Waatea News Update


Monday, September 28, 2009

Human rights record has blemish

The Race Relations Commissioner says New Zealand is now under notice from the United Nations to improve aspects of its human rights record.

After the first of what will be a four-yearly review process, the UN's Human Rights Council has told the Government it's concerned about social disparities between Maori and non-Maori, the over-representation of Maori in the criminal justice system, and the status of the Treaty of Waitangi.

Joris de Bres says New Zealand came through the review process well, but it can't underestimate the threat to the country's reputation is it doesn't make the required changes.

“New Zealand has broadly a good record and deservedly a good record on human rights in general compared to many other countries. What a process like this underlines is hat does not mean there aren’t serious challenges, that there are reputational issues in terms of New Zealand being a champion of human rights and liberties internationally and it has to ensure it is delivering on those at home in all areas,” Mr de Bres says.

The next Human Rights Council review will be conducted about the same time New Zealand asks other countries to vote it on to a term on the Security Council.


A row over ownership of works by Ralph Hotere withdrawn from auction last week is likely to end up in court.

Auctioneer Ben Plumbley from Art and Object says the reclusive artist have disputed the right of his former partner Annie Ferguson to sell the 58 paintings, prints and drawings she claims were gifted to her 42 years ago.

He says viewers were excited by the rare collection.

“I don't understand a great deal yet except that on the eve of us holding the auction the artist or the artist’s legal advisors asserted ownership of some/all of the collection and when they did that we were faced with no choice but to pull the auction,” Mr Plumbley says.

He says the collection could have fetched in excess of $500,000.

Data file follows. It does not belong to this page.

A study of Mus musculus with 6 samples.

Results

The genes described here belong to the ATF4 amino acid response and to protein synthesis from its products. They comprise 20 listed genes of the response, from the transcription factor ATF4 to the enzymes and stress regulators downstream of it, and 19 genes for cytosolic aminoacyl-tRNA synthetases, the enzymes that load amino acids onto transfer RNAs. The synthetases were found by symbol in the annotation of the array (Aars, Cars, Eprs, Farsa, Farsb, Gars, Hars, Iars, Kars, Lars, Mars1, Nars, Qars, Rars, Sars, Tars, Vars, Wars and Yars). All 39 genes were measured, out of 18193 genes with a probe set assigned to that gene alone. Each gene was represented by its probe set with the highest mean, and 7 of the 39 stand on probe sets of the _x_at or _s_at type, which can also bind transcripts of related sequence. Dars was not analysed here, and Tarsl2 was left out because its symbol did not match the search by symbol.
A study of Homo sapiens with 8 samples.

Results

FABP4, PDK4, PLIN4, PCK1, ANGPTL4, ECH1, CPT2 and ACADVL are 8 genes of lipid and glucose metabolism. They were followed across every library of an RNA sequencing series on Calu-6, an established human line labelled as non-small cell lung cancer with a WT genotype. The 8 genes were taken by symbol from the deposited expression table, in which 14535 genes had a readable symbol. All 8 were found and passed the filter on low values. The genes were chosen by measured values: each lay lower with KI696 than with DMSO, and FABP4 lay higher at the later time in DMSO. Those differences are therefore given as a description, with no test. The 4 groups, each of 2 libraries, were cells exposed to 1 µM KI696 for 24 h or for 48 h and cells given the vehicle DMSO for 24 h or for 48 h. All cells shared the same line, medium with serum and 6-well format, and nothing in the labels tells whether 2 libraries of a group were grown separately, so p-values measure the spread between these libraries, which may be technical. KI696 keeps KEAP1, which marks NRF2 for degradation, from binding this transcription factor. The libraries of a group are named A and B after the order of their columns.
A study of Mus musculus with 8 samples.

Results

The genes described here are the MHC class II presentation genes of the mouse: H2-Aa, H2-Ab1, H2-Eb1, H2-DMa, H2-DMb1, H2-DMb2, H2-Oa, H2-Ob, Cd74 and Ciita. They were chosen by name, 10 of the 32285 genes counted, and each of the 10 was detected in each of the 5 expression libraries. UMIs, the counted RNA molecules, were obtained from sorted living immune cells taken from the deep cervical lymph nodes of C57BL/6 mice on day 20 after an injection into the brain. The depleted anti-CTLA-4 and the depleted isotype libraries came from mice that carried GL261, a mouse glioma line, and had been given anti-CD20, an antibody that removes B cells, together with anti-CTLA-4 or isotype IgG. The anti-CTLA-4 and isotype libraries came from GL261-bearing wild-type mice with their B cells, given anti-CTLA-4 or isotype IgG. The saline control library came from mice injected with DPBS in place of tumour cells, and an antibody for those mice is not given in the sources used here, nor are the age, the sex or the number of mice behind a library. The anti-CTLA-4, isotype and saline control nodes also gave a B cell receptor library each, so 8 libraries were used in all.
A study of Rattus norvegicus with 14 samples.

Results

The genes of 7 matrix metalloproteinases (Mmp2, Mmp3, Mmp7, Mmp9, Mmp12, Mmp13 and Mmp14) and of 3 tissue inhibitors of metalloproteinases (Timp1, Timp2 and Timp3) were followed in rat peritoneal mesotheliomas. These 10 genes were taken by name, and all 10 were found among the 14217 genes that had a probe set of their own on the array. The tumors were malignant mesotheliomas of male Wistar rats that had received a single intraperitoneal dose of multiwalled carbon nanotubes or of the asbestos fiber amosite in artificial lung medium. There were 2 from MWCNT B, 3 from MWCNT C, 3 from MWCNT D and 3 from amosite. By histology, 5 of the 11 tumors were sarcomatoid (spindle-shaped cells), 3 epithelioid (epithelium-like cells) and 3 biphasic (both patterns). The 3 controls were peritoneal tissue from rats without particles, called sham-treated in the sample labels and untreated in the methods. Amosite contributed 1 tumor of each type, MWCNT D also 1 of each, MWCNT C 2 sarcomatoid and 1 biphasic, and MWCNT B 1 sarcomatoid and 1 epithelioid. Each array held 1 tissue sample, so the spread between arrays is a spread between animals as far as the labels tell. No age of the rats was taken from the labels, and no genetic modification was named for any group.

Fellow entertainer and balladier John Rowles says one of Sir Howard Morrison's great talents was his huge heart.

Music industry friends and colleagues have been out in force today at Sir Howard's tangi in Ohinemutu, farewelling the man who set many off on their careers.

John Rowles says Sir Howard's quick wit meant you always had to be on your toes when performing alongside him, and while he may have gone off key occasionally, he had the spirit to carry him through.

“He definitely had that heart which is important for a singer. You must sing from the heart. It’s like a Joe Cocker. If that voice goes off occasionally, the heart is still there with the deliverance of the songs, and Howard had that magic,” he says.

There will be a concert at Ohinemutu tonight to honour Sir Howard, who will be buried tomorrow after a public service on the marae and a private period of family prayer at St Faith's Church.


The Maori cultural renaissance is being studied by other indigenous peoples seeking ways to tackle child abuse in their communities.

Rawiri Taonui, the head of Maori and indigenous studies at Canterbury University, says the revival of te reo Maori and other cultural taonga was of great interest to people at two international conferences on indigenous child abuse he attended in Europe over the past month.

He says while his research indicates socio economic conditions rather than ethnicity are behind a high rate of child abuse in Maori families, there is also a correlation with culture.

That's because a decrease in the number of Maori children dying or being abused coincided with the development of kohanga reo, kura and wananga.

“They're going down twice as fast as the non- Maori. That shows us things like our renaissance, strengthening of our culture and so on are making a difference The rebuilding of culture is integral to processes of correcting those sorts of issues,” Mr Taonui says.


A South Island Maori language advocate says hosting next year's Manu Korero secondary school speech competitions in Otipoti ... Dunedin ... will give a welcome boost of pride and kaha to Maori in the south.

Hana O'Regan says she was impressed with the way Te Arawa hosted this year's event in Rotorua, and the way it brings the Maori community together to see the next generation of Maori leaders.

She says Ngai Tahu has few fluent speakers, and even fewer who speak the Ngai Tahu dialect, so is expecting cross tribal support for the event.

“In terms of that cultural identity, the support of the reo, that’s awesome and that’s like a big injection of Maori pride that goes into it and we need that down here,” Ms O'Regan says.


A first time Aboriginal writer and director expects Maori to recognise the storytelling tradition behind his film which opens in Auckland this week.

Warwick Thornton says Samson and Delilah pulls no punches, and while some people may find the story about petrol sniffing teenagers who fall in love in a remote central Australian community disturbing, it depicts harsh realities of Aboriginal life.

The film's been screening for the 20 weeks in Australia, and it's striking a chord in Aboriginal communities.

“For 40,000 years my mob have been telling stories and obviously also with Maori mob, we own storytelling, it’s part of our culture, oral history. We’ve embraced this new medium but we’re still embracing the power of our grandmothers and grandfathers to help us tell these stories, but using film rather than the spoken word,” Thornton says.

Samson and Delilah opens at Auckland's Rialto Cinema later this week.